When you think of wine-producing countries; Italy, France, Spain, the US, Argentina – with their warm climates and rolling hills of grapevines – Sweden probably doesn’t fit that image.
Overall, the Scandinavian country has a relatively mild climate. In the north of the country, temperatures can drop to -30C, and there are periods of continual darkness. In the south though, it might be a surprise to hear that you will find some winemakers – and the produce is benefiting from milder winters and longer summers, thanks – ironically – to climate change.
I’m in Europe’s most northerly wine region, Skåne County in southern Sweden, looking out over rows of young south-facing vines and enjoying a pinot noir – yes, a Scandinavian pinot noir.
Here at the Hällåkra Vineyard (hallakra.com), a stunning rural setting a short drive from the country’s third city Malmö, Hakan Hansson and his family have been growing grapes since 2003.
Mick Daly and his wife Joanna, who run the on-site restaurant, explain we’re in the youngest wine region in Scandinavia, and that Hällåkra is one of the biggest wineries in the south of Sweden, with 22,000 vines over six and a half hectares, with over 11 different grape varieties.
You may never have heard of it, but solaris – fresh and acidic, developed from five different grapes including riesling and pinot gris – is the main white produced here, and a variety they can always count on for harvest. “It’s suited to the climate and resists a lot of things when it’s damp,” says Mick. “We have to concentrate on wines that suit the region.”
Joanna adds: “The more classic grape varieties don’t always suit us.”
One classic does though: pinot noir. Hällåkra produced a natural wine called Vilde – Swedish for ‘wild’ and the tipple I’m tasting – last year. “When we get a harvest of the more classic grapes, we want to create something different from our standard wines,” Joanna says.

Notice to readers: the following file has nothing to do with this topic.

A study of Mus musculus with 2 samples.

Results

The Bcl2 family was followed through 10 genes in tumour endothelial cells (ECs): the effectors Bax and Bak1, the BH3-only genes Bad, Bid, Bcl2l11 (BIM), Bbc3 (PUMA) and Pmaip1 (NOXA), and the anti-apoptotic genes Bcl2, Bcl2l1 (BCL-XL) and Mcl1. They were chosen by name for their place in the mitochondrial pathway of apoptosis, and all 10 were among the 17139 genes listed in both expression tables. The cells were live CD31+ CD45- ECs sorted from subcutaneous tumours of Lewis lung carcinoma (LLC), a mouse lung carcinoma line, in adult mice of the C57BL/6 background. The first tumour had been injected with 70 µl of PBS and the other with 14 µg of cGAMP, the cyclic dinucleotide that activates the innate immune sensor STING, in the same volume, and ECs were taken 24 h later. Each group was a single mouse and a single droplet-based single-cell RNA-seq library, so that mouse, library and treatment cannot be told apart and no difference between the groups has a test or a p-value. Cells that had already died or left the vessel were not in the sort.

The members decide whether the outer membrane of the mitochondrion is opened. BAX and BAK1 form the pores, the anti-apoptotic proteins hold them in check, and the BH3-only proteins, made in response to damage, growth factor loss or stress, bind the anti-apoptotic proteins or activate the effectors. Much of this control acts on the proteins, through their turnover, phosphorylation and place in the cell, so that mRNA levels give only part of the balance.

The challenge here is the unpredictability of the weather. “Some years are good, some not so good, 2018 was a fantastic pinot noir year. 2017 was a catastrophe for wine producers,” Mick says. 2019 was another good year, so Swedish wine is on the up.
“We don’t get the same heat, but we have more sun hours than southern Europe,” he adds.
The soil is different too – “a lot of rock and a lot of minerals” – and the industry is in its infancy, so there’s still a lot to learn about wine growing in this type of climate, with this type of soil.
But what they’re keen to emphasise, is that they aren’t trying to produce an Argentinian or New Zealand pinot noir, so it’s important not to compare the Swedish version.
As a pinor noir drinker, I can confirm it’s delicious, and yet different to the grape from more famous pinot noir regions. There’s an exclusive feel to it too – only 1,000 bottles were produced last year and it’s sold in a local Michelin-star restaurant.
Solaris, meanwhile, is only produced in these sorts of climates. “We’re not trying to recreate wine from somewhere else; it’s a Scandinavian product created to handle colder climates, but it’s fresh and has a lot of character,” Mick says. It’s fermented naturally, too.
“More and more, we are taking the step toward being a bio-dynamic production,” says Joanna.
It follows the trend in Sweden for ‘natural’ wines – i.e. wine that hasn’t had anything (or much) added or removed during the production process. “There are restaurants that won’t even buy non-natural wines,” she adds.
“Hakan always ferments his wines completely dry and doesn’t add anything, to let the season speak for itself. Hence, you can taste and smell the difference in each vintage.”
As well as other reds (like rondo) and whites, the vineyard also produces a sparkling (smällglim), orange, rose and sweet wine (cervi). But the varying weather means it’s not always possible to produce them all.
There has been another small obstacle though, namely that not all Swedish people are fully on board with Swedish wine yet (much of the wine is exported). But the couple say the the tide is changing, as the quality of the local products can now compete with international ones.
“It was never a problem for people to drink one glass, but they wouldn’t get a second,” says Joanna. “Now people are buying a bottle.”
In addition, Sweden’s strict alcohol laws mean vineyards aren’t actually allowed to sell bottles of their wine to take away from site (but you can sample the wine alongside the excellent food at Hällåkra) and instead, have to supply restaurants, the national alcohol retail monopoly Systembolaget, or export it.
At the moment, Swedish wine isn’t stocked in UK supermarkets or major wine shops (or at least, it’s not easy to find) but that may not be the case for long. In the meantime, there’s always a trip to the beautiful Skåne.